Despite this rather bleak outlook, the risks involved for each industry differ greatly. In certain cases, some jobs are severely affected while others seem to be thriving and even evolving to meet new demands. As an example, global tech juggernauts like Amazon, Microsoft and Apple have all performed exceptionally well and even continued recruitment activities during the crisis. Several other industries have bounced back quickly from their own dire situations and learned to adapt to the “new normal”.

Why is this so?

What has set these companies and organisations apart from the rest of the market, many of which endured devastating financial losses, bankruptcy, and job redundancies?

The answer lies within an organisation’s operational blueprint. Less than a year ago, the term “digital transformation” was something rigorously analysed and discussed, but rarely implemented save for a few visionary industries. Old skills and traditional modes of company administration were still heavily utilised, with many entities at the cusp of transitioning into a new era of digitization. Fast forward to 2020 and these visionary industries are the ones that have now succeeded despite all odds and are pursuing new opportunities in the middle of one of the worst global economic downturns in history. Innovative technologies in the form of e-commerce/online retail, video conferencing platforms, contactless food delivery and many others have showcased the importance of digital transformation in catalysing business models and adapting them to suit the needs of the current economic and technological climate.

One of the major and most immediate responses to COVID-19 was the stay-at-home policy put in place by governments worldwide to control the spread of the virus. The impact of this regulation meant that more people were spending larger amounts of time at home but still expecting a similar level of normalcy in their new lives. As such, e-commerce and online retail/grocery-buying was catapulted to the top of the list of business sectors finding its niche in the middle of a global pandemic. Panic buying and general alarm over the possibility of food items running out forced buyers to download online grocery apps, with many of these services seeing a staggering increase of about 300% in their average weekly order. In Southeast Asia (SEA), regional brands like South Korea’s Lotte, Japan’s Rakuten and even startups like Malaysia’s HappyFresh and Indonesia’s Gojek-owned GoMart have gained a high level of consumer confidence and trust since the onset of COVID-19.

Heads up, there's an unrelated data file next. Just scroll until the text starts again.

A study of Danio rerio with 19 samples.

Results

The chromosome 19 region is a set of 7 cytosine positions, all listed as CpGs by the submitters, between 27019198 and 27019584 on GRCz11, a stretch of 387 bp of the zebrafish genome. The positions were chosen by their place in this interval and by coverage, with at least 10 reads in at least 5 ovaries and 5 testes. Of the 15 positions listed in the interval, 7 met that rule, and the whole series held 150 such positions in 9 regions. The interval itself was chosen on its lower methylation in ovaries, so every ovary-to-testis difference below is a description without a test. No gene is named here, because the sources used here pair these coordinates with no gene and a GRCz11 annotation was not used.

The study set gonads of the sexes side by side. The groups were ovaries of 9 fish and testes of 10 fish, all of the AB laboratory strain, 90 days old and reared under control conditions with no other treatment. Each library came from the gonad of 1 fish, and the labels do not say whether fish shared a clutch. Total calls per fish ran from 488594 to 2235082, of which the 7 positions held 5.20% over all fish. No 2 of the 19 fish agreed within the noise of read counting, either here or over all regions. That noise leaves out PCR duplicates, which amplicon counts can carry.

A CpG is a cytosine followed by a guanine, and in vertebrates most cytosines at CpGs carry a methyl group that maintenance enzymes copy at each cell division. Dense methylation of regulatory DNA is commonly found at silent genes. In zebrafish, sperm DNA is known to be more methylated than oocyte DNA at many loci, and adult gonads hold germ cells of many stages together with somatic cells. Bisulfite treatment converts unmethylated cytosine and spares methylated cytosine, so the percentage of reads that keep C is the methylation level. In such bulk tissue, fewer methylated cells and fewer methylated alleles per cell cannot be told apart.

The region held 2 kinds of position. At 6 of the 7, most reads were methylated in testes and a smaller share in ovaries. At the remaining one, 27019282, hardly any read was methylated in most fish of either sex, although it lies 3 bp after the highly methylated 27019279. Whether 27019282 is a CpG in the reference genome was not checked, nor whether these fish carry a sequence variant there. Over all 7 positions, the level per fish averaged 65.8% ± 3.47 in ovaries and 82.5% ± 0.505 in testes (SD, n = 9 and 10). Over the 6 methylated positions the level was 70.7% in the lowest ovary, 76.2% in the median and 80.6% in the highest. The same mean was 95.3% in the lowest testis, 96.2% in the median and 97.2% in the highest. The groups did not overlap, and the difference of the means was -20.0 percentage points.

HappyFresh’s website states that we have been doing everything we can to keep business running as usual. It is apparent that it is not the case as we see a significant and prolonged increase in demand across all our delivery areas. We’ve implemented a few changes for the time being and we believe we can continue to deliver your #FreshlyHandpicked groceries.”

Additionally, many on-demand services like food-delivery platforms have been making a fortune during the last few months. Foodpanda in Singapore and GrabFood in Indonesia are just two of the many food delivery services that not only provide quick, high-quality meals for their customers, but they have also gone the extra mile during this pandemic to give customers the peace of mind of knowing that all meals are prepared fresh in a well sanitized kitchen following strict precautionary measures. For most of these platforms, customers are even given the option of choosing contactless delivery through their online apps, allowing them to collect their packages at the doorstep without interacting with the delivery driver as a way to limit social contact.

In terms of health and safety, health-tech powered by AI saw an increase in usage of 70% at the beginning of the year. The surge in visits to the Doctor Anywhere and Doctor World apps in Singapore highlighted the strong incentive to overcome these hurdles quickly by rising to the occasion and finding a solid solution to the problem, much like what is being done by tech startups and enterprises at this time.

As we have already seen, the stay-at-home policy accelerated the digital transformation for many service companies. Another service that witnessed a meteoric rise in a short amount of time was streaming companies like Netflix, Amazon Prime Video, Hulu and Apple TV+. As lockdowns, curfews and working from home became a routine, more and more people turned to online streaming as a way of curbing their boredom and catching up with the latest shows/movies. Video gaming apps were also thrown into the mix as confining situations pushed many people to find alternative forms of entertainment once binge-watching TV serials became tiresome. COVID-19 consumer impact tracker Glimpse reported a +2056% surge in Nintendo Switch’s Animal Crossing since its launch at the height of the pandemic back in March.

In a statement to its investors, Netflix said, “We're acutely aware that we are fortunate to have a service that is even more meaningful to people confined at home, and which we can operate remotely with minimal disruption in the short to medium term…Like other home entertainment services, we're seeing temporarily higher viewing and increased membership growth.”